Resisting Erasure on Stolen Native Land

This video mashup was produced on the traditional, ancestral and unceded territory of the Coast Salish peoples. As a settler, I am committed to participating in meaningful dialogue to unpack my privilege as a settler person, and challenge the ongoing dispossession of Indigenous peoples from their land.


Deconstructing white saviourism approaches to international volunteering

Original Advertisement:

Volunteering Ad - Original

If this image can’t be viewed on your screen, please view this blog post outside of the UBC Connect server, or see the attached files. 

Analysis of original advertisement

One of the most problematic aspects of this ad is its reproduction of the white saviour complex. White saviourism is a patronizing practice/belief whereby white/privileged people enter less privileged, racialized communities in the developing world to do beneficial work and make a “difference.” This idea is made evident by the line that states, “you will be in demand, and you will be needed,” where “you” refers to white/privileged folks. Yet, this ad neglects the fact that white saviourism can often result in ineffective or potentially detrimental impacts to the communities receiving aid. It also perpetuates the idea that racialized, less developed communities are helpless, disempowered, and in need of saving by those from the Global North. White saviourism assumes that the problems of developing communities can be easily “fixed,” without paying attention to the diverse and complex realities they experience. This ad reproduces misguided assumptions about the benefits of international aid, and serves to satiate white/privileged egos.

In addition, the composition of the ad situates the white saviour as the subject, and places the racialized, less privileged community as the object. This is evident in the way in which the child is held by the woman to make her appear kind and affectionate. It is also apparent in the manner in which international volunteering is articulated. This ad emphasizes the benefits of international aid to its white, privileged subjects, such as how the experience is “worthwhile, adventurous and enjoyable.” Here, international volunteering is portrayed to be a transformative process for the individual providing aid, whereas as the community receiving aid is less important and placed in the background. According to this ad, the ability of these volunteers to learn more about the developing world is more valuable than the impacts of international aid to the communities themselves. As such, this ad maintains the Othering of racialized, less privileged communities.

Jammed Advertisement:

edited ad

If this image can’t be viewed on your screen, please view this blog post outside of the UBC Connect server, or see the attached files. 

Explanation of Jamming Philosophy

I chose to alter the colours of this ad to explicitly highlight the difference between who is the subject and who is the object. By changing the colour of the child to grey scale, I hoped to draw attention to how communities that receive international aid often serve as the background to white/privileged subjects. The position of white/privileged individuals as subjects is indicated by how they are still represented in full colour.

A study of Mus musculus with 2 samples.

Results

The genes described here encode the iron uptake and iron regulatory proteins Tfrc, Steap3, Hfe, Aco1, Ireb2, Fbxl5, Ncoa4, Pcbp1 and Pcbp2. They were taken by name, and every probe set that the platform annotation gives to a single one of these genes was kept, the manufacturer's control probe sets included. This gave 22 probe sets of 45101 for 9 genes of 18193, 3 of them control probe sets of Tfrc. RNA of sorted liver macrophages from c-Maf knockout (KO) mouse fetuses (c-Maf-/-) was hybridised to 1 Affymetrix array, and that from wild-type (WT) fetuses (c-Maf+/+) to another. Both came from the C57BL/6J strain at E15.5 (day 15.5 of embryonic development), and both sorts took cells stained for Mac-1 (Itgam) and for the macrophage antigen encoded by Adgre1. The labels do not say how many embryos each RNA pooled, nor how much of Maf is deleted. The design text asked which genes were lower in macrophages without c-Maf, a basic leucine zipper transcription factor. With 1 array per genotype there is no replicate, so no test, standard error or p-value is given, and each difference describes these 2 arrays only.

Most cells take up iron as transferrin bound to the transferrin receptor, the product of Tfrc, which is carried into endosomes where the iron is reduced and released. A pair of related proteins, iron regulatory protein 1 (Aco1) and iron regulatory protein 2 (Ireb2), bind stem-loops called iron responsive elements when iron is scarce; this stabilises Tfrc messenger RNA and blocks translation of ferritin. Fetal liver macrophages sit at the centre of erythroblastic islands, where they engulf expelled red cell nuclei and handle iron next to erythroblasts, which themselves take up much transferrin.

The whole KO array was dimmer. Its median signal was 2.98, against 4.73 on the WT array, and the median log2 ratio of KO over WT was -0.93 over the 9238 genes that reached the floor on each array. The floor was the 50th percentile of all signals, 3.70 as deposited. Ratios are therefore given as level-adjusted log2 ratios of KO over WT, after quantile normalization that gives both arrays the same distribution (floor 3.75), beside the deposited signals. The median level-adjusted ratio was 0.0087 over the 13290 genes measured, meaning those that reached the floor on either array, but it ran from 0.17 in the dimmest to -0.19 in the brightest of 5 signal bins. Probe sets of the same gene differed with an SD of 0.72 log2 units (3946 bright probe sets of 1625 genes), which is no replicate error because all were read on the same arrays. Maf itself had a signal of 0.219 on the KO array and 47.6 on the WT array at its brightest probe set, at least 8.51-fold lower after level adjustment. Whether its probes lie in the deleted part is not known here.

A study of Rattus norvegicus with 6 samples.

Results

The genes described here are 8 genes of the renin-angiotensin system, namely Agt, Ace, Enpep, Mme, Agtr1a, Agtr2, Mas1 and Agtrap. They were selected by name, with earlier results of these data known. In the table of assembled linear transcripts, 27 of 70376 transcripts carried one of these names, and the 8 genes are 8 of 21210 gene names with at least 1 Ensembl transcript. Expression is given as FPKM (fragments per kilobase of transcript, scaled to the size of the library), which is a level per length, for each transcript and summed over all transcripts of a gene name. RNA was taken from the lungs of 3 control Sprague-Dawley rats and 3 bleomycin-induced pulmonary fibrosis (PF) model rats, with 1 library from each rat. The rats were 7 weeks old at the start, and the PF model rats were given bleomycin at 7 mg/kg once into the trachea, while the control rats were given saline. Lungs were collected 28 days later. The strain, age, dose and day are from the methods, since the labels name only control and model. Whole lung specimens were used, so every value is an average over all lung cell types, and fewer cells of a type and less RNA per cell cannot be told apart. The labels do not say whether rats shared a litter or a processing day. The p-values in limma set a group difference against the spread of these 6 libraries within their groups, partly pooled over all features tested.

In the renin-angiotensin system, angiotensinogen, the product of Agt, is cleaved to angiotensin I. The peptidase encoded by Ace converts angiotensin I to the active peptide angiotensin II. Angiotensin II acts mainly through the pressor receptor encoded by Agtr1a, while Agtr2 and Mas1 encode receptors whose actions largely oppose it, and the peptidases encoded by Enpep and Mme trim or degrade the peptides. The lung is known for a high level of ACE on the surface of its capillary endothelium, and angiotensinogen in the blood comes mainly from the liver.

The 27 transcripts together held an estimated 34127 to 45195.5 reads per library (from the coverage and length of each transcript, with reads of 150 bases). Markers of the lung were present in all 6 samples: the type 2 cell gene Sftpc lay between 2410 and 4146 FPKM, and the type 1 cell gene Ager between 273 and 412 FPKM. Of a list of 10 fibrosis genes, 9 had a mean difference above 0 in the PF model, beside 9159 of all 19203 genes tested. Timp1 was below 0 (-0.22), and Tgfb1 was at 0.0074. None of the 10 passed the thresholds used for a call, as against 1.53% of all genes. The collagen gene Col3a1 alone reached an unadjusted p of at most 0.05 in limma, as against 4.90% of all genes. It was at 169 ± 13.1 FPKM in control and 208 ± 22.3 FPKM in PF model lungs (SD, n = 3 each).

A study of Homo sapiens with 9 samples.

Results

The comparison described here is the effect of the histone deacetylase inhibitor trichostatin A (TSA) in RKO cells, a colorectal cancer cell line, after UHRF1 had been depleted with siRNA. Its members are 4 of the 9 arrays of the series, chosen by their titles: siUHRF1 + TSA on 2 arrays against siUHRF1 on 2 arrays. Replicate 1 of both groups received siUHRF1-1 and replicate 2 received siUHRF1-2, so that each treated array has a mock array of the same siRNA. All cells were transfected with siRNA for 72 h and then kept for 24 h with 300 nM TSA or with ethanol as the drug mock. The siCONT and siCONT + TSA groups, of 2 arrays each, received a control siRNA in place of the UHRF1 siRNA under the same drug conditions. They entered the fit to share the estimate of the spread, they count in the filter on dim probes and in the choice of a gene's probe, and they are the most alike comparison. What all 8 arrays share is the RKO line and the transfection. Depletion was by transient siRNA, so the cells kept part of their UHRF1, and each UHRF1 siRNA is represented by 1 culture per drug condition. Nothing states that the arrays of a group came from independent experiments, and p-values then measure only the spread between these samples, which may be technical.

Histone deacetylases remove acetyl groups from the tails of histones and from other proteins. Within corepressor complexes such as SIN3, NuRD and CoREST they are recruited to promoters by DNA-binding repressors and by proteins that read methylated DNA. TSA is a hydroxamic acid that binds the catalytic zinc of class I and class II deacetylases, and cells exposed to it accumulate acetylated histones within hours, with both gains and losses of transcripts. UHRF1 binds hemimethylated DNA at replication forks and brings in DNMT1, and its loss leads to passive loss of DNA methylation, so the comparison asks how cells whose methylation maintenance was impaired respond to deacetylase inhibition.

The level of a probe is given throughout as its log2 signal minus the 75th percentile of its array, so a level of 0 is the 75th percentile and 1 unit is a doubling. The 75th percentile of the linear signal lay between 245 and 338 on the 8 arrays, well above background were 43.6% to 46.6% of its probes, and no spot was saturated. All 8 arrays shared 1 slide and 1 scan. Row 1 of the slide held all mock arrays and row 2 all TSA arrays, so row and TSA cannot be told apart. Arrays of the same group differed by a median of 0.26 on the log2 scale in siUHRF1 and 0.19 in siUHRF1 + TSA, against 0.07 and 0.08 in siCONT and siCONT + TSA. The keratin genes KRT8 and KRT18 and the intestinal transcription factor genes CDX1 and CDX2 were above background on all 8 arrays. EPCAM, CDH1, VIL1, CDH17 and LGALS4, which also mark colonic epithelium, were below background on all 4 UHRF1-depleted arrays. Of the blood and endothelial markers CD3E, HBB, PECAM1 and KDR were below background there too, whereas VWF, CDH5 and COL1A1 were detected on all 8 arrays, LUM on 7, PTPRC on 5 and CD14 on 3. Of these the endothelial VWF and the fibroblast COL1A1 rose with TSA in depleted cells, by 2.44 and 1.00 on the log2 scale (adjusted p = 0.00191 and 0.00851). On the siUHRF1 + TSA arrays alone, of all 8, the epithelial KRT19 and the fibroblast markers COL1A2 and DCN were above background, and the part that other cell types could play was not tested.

I changed the phrase “help…learn…explore!” to “Rescue…Feel Good…Be a White Saviour!” in order to illuminate the problematic ideologies that sustain humanitarian work in developing communities (i.e., white saviourism). The use of sarcasm enabled me to critique taken for granted assumptions of the benefits of international aid. For example, the first paragraph in the grey box explicitly states some of the reasons behind why people engage in humanitarian work. While these aims may seem exaggerated, it draws attention to how these assumptions play a major role in justifying white saviour approaches to humanitarian work. By undermining these exaggerated claims with mockery (e.g., by saying “One rickety school house at a time…”), I wanted to highlight the disjuncture between theoretical beliefs of white saviourism, and the actual outcomes behind such work. I also decided to refer to developing communities as the “Third World” to sarcastically illustrate how white saviour narratives often fails to recognize the complexities of these communities.

The second paragraph puts forth a conceited focus on the subject to show how white saviourism celebrates the white/privileged individual over the community that is receiving aid. Similar to the first paragraph, sarcasm is used to critique the implications of white saviourism in developing communities (such as the exotification of other cultures). In doing so, this ad questions the legitimacy of the idea that international volunteers are “in demand” by developing communities. Moreover, by suggesting that humanitarian aid can be driven by personal motives to appear compassionate and generous, I hoped to challenge those who claim to be simply “helping” the less privileged Other. Ultimately, the jammed ad critically examines the dominant ideologies that inform approaches to humanitarian aid, and encourages its audience to (re)consider who benefits from such practices and beliefs.


To view the original ad, please click here.
To view the jammed ad, please click here.